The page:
Toby's Film Review Home

almost

Bold, dashing, brazenly preposterous fun; wow. They got it so right on so many levels. Rating: 9 out of 10.

Toby Baldwin's Film Review

What often makes a movie seem bad is that it constantly slaps the viewer in the face with the fact that they are watching a movie, thus allowing the brain to begin picking apart the story, the acting, the effects, etc. But a combination of a good story, good directing, good script, good cast, good music, etc., sucks the viewer in, thus keeping the brain happily entertained instead. The awareness of the impossibility of the things taking place on the screen is still there, but nicely tucked away by the fun being had. In short, nothing awakens the viewer from the fictive dream.

I try to just enjoy movies. Movies have to be pretty bad to make me switch to amateur-film-critic mode. I'm pleased to say that Pirates of the Carribean left me in happy moviegoer mode throughout, 143 minute runtime notwithstanding. What a fun movie!

Johnny Depp ruled the movie, no question about it. Early reviews talked about his "drunken drag queen" performance, etc., usually by way of trying to compliment him. Yes, he is gleefully over the top, but not in a way that clashes with the overall film. Geoffrey Rush hammed it up as the rival Pirate captain. Keira Knightley (who gave an appealing performance in the sleeper hit Bend it Like Beckam) and Orlando Bloom (flavor of the month several months running since Fellowship of the Ring) prove their earlier successes weren't flukes by classical performances. By classical, I mean that Bloom is an Errol-Flynn like leading man, and Knightley a classically beautiful and charming lady.

The script is the downfall of so many bombastic blockbuster attempts, but thankfully Ted Elliot and Terry Rossio, who also teamed up on Shrek, produced a funny, sharp, nicely-paced yarn for director Gore Verbinski to work with. And Verbinski...what's with another horror director so ably crossing into a new genre, as did Peter Jackson before him? This, like Lord of the Rings, benefitted greatly from the director's horror movie skills for the creepy bad guys. Fortunately, the horror is generously glazed with camp. This is, after all, based on a Disneyland ride. As such, it has to be one of the greatest longshot movie adaptation success stories of all time...a movie based on a theme park ride?!? It shouldn't work, but does it ever.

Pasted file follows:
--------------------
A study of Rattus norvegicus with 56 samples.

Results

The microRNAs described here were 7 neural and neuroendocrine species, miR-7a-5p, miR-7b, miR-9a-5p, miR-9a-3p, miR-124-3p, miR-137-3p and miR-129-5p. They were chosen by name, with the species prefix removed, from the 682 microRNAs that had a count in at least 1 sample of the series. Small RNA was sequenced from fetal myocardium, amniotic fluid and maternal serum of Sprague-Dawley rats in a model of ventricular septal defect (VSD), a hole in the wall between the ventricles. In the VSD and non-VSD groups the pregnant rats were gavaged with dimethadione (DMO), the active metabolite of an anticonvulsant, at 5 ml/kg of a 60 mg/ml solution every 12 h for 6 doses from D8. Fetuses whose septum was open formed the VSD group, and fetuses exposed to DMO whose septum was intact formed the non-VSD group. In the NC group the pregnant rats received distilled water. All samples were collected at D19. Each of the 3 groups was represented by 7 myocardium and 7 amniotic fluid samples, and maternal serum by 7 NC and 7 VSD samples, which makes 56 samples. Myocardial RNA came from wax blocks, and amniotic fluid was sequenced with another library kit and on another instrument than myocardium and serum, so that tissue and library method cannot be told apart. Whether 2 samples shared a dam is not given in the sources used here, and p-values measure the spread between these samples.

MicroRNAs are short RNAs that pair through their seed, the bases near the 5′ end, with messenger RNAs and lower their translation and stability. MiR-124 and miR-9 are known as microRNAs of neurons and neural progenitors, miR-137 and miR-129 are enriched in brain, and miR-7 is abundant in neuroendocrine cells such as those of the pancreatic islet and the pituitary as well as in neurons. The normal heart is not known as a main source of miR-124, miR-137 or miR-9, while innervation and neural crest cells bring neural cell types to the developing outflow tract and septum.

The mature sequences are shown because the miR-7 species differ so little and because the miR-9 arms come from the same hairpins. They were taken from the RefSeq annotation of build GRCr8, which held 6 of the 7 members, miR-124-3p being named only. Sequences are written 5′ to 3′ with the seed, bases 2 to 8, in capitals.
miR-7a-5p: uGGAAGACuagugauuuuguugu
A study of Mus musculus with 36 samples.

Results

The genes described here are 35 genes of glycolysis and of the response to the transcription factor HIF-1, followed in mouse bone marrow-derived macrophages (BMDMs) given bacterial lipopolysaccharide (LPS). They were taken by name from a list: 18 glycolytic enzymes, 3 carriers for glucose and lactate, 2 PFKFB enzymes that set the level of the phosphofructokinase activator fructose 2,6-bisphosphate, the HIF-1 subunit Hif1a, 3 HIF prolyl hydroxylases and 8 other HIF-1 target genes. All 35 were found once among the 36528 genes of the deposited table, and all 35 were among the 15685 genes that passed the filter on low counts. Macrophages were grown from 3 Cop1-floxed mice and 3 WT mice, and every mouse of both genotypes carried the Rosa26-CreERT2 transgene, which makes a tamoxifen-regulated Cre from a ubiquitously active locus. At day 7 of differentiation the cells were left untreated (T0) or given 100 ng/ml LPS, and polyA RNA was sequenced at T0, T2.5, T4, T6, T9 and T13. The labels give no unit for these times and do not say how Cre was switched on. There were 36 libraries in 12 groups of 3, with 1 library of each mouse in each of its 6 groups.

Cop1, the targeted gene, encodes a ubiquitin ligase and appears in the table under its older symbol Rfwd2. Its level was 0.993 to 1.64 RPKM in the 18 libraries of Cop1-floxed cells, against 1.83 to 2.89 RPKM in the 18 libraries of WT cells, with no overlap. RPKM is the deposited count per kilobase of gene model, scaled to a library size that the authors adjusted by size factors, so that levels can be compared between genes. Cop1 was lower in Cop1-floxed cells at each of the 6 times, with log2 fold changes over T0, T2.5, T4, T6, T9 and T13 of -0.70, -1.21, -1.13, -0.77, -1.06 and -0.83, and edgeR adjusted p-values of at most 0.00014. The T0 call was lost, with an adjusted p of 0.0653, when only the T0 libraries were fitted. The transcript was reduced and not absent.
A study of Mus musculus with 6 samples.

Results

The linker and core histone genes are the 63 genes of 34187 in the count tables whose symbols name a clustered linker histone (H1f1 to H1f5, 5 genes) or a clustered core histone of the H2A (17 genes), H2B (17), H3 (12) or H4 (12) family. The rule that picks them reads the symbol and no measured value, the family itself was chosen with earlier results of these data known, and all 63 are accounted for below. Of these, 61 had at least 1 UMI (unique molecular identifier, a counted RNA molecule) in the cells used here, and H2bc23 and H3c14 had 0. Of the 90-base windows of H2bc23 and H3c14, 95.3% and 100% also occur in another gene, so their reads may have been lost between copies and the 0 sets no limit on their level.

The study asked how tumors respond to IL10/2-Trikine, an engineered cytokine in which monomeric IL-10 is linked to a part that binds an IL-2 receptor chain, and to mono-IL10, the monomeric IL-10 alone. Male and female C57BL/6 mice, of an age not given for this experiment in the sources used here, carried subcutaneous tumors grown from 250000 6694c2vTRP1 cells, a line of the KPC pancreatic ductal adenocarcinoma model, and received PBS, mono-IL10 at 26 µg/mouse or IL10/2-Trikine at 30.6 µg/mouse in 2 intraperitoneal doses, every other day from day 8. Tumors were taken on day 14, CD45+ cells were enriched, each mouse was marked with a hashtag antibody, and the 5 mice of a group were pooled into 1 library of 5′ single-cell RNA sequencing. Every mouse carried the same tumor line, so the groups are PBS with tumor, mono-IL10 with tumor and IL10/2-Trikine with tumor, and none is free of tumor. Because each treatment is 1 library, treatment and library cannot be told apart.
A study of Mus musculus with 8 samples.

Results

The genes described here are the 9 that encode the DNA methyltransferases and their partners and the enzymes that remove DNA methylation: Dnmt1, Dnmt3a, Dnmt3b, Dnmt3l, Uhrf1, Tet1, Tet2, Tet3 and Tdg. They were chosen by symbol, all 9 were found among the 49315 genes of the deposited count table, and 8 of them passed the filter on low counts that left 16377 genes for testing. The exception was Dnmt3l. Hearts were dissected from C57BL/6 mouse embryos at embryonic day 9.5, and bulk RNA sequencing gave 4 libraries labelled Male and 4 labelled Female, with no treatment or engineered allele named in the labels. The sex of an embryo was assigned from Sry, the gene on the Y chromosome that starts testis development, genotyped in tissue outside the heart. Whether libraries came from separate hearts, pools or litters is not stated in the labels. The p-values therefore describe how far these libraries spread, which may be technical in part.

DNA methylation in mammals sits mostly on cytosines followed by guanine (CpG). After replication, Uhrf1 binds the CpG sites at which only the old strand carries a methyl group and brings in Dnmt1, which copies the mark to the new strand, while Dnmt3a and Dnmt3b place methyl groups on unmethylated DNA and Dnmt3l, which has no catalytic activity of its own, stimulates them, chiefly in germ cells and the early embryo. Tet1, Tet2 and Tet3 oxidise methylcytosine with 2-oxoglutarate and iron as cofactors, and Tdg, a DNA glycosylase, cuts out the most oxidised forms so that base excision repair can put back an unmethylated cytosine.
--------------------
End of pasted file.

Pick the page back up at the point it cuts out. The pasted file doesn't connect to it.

The visuals are just great as well. The effects that must have been CGI never made me stop and go, "Look--CGI," like has happened even in some good movies like Spider-Man. But CGI they clearly must have been. There were flashes of epic cinematography; sweeping ocean shots and ship battles that would befit a film that tried to take itself more seriously. There were plenty of such flourishes in all aspects of the film, including the script; nice touches that the kids won't catch, but that separate a well-crafted film from the empty, all-hype-but-no-heart dreck that usually passes for a summer blockbuster. The music also was far from subdued, instead going for the grand adventurous feeling, and it worked, just like pretty much everything else.

I heard someone compare this to the Indy Jones flicks, and though that may seem at first glance like a cheap, shorthand way to describe a movie, and not likely very accurate, it actually is. There are many parallels there--in tone, pace, etc. Pirates only lacks the distinction of having been the first such movie.

I could ramble more, since I am clearly still buzzing from the movie, but let me wind this up by recommending Pirates of the Carribean as an extremely well-done, fun popcorn flick. Going in with that mindset, I'd say most will thoroughly enjoy the ride. Yo-ho indeed.

Movie details:
Directed by Gore Verbinski.
Rated PG-13 for "action/adventure violence," and a few subtle innuendos. I wouldn't recommend it for small kids.

Click here for complete details at IMDB.com.



Review copyright 2003 by Toby Baldwin.